For those in the medical community who promote the idea that exercise can help resolve lower back pain, there is a general belief that one of the keys is to strengthen the lower back. For the average person, this seems like the right idea. The premise is simple, you have lower back pain because the lower back muscles are weak and therefore strengthening them will decrease the lower back pain.
This can’t be farther from the truth!
Let’s start by understanding what are the potential causes of lower back pain. When an MRI finds a herniated disc, stenosis or pinched nerve, the medical establishment generally takes the position that every thing should be tried before surgery. Surgery should be the last resort. So therapy is prescribed and some stretched and exercises are performed including strengthening of the lower back muscles. The problem with this scenario is that if the cause of the pain were a structural abnormality all the exercise in the world wouldn’t resolve the cause of the pain, only surgery would. So why waste your time? The problem with the MRI finding is that in the vast majority of cases the structural abnormality found is completely independent to the cause of pain. A study showed that over the age of 60, 90% of people with absolutely no lower back pain were found to have bulging or degenerative discs. So why should you believe that when you are having lower back pain that a bulging or degenerative disc is the cause of the pain.
The reality is that in most cases, the cause of lower back pain is the lower back muscles straining and emitting pain. The real question is why and how to stop it from happening. The theory that the muscles are weak and therefore need to be strengthened is a falacy. What typically happens is that a muscle imbalance between the front thigh, quads versus the posterior thigh, hamstrings develops. This causes the quads to shorten. Since the quads attach to the front of the pelvis, they pull the front of the pelvis down causing the back of the pelvis to rise. This creates an increased arching of the lower back. This improper posture causes the lower back muscles to shorten and lose their ability to create force and support the torso which leads to them straining and emitting pain.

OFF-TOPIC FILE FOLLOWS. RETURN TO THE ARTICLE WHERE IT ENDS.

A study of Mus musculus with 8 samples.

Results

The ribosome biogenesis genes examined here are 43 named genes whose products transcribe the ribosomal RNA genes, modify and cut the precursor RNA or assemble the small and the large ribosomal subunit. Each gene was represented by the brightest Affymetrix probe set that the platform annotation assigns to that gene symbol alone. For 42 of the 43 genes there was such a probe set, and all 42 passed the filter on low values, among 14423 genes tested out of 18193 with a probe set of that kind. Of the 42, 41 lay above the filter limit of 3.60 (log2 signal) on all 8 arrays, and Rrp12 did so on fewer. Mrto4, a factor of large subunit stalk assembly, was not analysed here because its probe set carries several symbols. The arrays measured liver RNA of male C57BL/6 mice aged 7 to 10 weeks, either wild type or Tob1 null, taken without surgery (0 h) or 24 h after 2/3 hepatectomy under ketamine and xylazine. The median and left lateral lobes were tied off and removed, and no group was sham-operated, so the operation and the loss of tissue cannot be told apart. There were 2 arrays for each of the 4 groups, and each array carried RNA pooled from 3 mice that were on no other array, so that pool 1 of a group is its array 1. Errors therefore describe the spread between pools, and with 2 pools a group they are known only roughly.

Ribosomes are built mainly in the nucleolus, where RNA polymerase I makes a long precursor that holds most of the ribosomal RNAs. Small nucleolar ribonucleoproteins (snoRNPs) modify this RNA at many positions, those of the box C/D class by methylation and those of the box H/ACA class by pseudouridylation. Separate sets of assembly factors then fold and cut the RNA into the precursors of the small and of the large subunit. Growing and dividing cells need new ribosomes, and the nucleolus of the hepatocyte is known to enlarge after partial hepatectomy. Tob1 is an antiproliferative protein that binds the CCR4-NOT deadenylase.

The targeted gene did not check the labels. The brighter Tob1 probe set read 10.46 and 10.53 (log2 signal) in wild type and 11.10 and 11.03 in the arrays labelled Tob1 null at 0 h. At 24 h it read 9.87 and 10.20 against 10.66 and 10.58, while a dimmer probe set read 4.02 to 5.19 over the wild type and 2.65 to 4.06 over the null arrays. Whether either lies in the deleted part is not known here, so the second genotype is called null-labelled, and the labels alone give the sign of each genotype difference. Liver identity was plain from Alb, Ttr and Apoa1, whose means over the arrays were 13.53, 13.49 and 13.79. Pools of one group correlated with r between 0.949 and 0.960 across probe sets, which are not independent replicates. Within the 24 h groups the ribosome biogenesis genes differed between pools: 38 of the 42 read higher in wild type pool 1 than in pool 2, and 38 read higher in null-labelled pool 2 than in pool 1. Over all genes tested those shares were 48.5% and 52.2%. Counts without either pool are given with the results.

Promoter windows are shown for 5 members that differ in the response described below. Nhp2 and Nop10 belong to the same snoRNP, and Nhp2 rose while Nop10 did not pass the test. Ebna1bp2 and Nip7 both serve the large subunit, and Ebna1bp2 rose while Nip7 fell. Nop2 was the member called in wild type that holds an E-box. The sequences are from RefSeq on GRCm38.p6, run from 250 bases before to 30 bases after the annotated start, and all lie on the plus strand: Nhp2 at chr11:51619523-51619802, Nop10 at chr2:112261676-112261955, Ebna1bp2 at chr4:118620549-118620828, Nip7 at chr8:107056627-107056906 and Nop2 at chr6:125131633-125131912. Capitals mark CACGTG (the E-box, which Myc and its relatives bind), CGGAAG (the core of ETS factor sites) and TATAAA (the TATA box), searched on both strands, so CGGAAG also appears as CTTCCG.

Trying to strengthen the lower back muscles only causes them to shorten further and continue to strain and emit pain. The answer is to stretch the quads and strengthen the hamstrings and buttock muscles. This keeps the quads at their optimal length which maintains the position of the pelvis at its optimal length which maintains the lower back muscles at their optimal length. This allows the lower back muscles to maintain their optimal strength and support the torso with the greatest of ease preventing them from straining and emitting pain.
I know there are alot of therapists and trainers professing to know what is right and promoting strengthening of the lower back muscles. In most cases they are simply doing what they were taught to do. I evaluated what I was taught and saw from a logical perspective that it was simply invalid. I used the laws of physics and biomechanics to determine what is right and the results are unmatched. This simple understanding of what causes the lower back muscles to strain has allowed me to resolve the lower back pain of innumerable patients in just a couple of visits. You can do the same. The key is to get the right understanding.
This premise along with so many others can be found in my new book, The Pain Cure Rx: The Yass Method Of Diagnosing and Resolving Chronic Pain published by Hay House Publishing and being released June 2, 2015. My PBS special can be seen on most PBS stations from June 1st thru the 14th. I hope you will watch it and see just how different my view of how to diagnose and treat pain is from the existing medical model that has left so many in pain.